Marc Rubinstein has over 25 years experience as an analyst and investor in the financials sector which he distills into a weekly newsletter, Net Interest, which I think is a really great read! Between 2006 and 2016 he was senior analyst and portfolio manager on the Lansdowne Global Financials Fund, a fundamental long/short equity fund focused exclusively on the global financials sector. Prior to that, Marc was an Institutional Investor ranked analyst on the sell-side, most recently at Credit Suisse, where he was a managing director overseeing its European banks team. As well as writing Net Interest, Marc is an active angel investor in fintech. He can be contacted via his newsletter or on Twitter (@MarcRuby).
Articles by Marc:
US student debt is no longer ordinary debt, but has morphed into a bizarre government tax-and-spend model.
The total value of the Chinese residential property sector is approximately $60 trillion – twice the size of the US residential market and bigger than the entire US bond market. Bigger than the entire US stock market, too.
It is … ummm … having a moment.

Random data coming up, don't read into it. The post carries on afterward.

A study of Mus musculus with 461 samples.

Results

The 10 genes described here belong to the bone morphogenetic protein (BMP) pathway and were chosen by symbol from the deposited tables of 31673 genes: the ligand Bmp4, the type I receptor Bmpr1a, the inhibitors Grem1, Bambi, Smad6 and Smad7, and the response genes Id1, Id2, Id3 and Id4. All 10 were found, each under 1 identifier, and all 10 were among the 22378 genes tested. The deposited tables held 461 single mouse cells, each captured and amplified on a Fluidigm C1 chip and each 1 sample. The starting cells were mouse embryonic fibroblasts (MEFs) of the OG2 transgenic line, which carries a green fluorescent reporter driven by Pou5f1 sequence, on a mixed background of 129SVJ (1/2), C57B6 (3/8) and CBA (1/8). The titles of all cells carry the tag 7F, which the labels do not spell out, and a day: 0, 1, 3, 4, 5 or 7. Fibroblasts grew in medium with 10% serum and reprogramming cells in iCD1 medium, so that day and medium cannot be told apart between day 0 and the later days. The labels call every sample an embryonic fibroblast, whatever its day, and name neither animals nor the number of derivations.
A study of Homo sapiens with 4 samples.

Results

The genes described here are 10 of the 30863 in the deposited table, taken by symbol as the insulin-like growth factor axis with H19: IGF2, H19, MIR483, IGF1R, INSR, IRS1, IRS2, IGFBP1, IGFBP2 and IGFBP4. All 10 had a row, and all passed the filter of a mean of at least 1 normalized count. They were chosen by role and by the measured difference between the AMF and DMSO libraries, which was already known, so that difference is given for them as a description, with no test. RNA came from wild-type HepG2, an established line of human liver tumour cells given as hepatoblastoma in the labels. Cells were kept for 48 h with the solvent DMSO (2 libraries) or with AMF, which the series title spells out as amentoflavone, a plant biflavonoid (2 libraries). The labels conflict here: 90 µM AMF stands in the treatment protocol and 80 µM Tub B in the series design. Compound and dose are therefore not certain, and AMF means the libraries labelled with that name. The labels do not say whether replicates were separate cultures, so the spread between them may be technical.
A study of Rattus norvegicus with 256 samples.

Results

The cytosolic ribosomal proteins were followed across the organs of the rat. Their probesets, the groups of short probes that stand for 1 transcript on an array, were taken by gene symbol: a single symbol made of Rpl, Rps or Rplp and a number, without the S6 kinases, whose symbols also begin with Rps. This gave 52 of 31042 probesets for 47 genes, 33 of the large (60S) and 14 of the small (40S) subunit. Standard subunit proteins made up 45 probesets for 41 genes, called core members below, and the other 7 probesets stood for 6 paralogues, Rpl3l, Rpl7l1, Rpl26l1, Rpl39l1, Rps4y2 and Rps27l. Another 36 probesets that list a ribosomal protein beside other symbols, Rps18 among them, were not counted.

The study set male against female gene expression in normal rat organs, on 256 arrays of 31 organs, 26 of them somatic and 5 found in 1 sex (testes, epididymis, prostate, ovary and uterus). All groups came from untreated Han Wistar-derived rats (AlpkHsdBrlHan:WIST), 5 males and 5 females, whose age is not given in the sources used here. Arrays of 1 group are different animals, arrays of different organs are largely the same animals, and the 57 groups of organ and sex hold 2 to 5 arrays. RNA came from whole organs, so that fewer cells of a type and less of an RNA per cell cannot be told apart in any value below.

In the days leading up to their invasion of Ukraine, Russia successfully mounted a largescale cyberattack on Ukrainian banks, utilities and government agencies. Since then … crickets.
What are the vulnerabilities of Western financial systems to a new and wider attack?
No one gives a clearer explanation of how financial institutions work than ET contributor Marc Rubinstein, and his primer on prime brokerage services (and its extension into crypto) is no exception.
With $300+ billion of assets, Evergrande is big, but if you want REALLY big, take a look at the balance sheets of Chinese banks.
ET contributor Marc Rubinstein was there at the beginning when Chinese banks went public, and he’s here now to review the sector.
The Chinese real estate developer Evergrande is the epitome of Too Big To Fail. It is truly Ever Grande.
So what happens if it does, in fact, fail?
What is Robinhood? It’s the conflation of gambling and investing. Which is … fine. I guess. But spare me the “we’re democratizing finance” BS.
If you’re like me, you’ve been put off from digging deeper into DeFi by the terrible signal-to-noise ratio of anything crypto-related on the interwebs. That’s why I found this DeFi primer (using Maker DAO as a specific example) by ET contributor and banking analyst Marc Rubinstein to be so fantastic.
Mortgages are pretty standard fare in the world of finance, but the American version is special: it grants its user a free option to refinance if they can get a cheaper rate elsewhere.
Every lender thinks they can thrive in this market. But every lender can’t be right.
As a non-American there are many things I don’t understand about America.
Most of all though, I don’t understand the most American of products: the 30-year fixed-rate fully prepayable mortgage.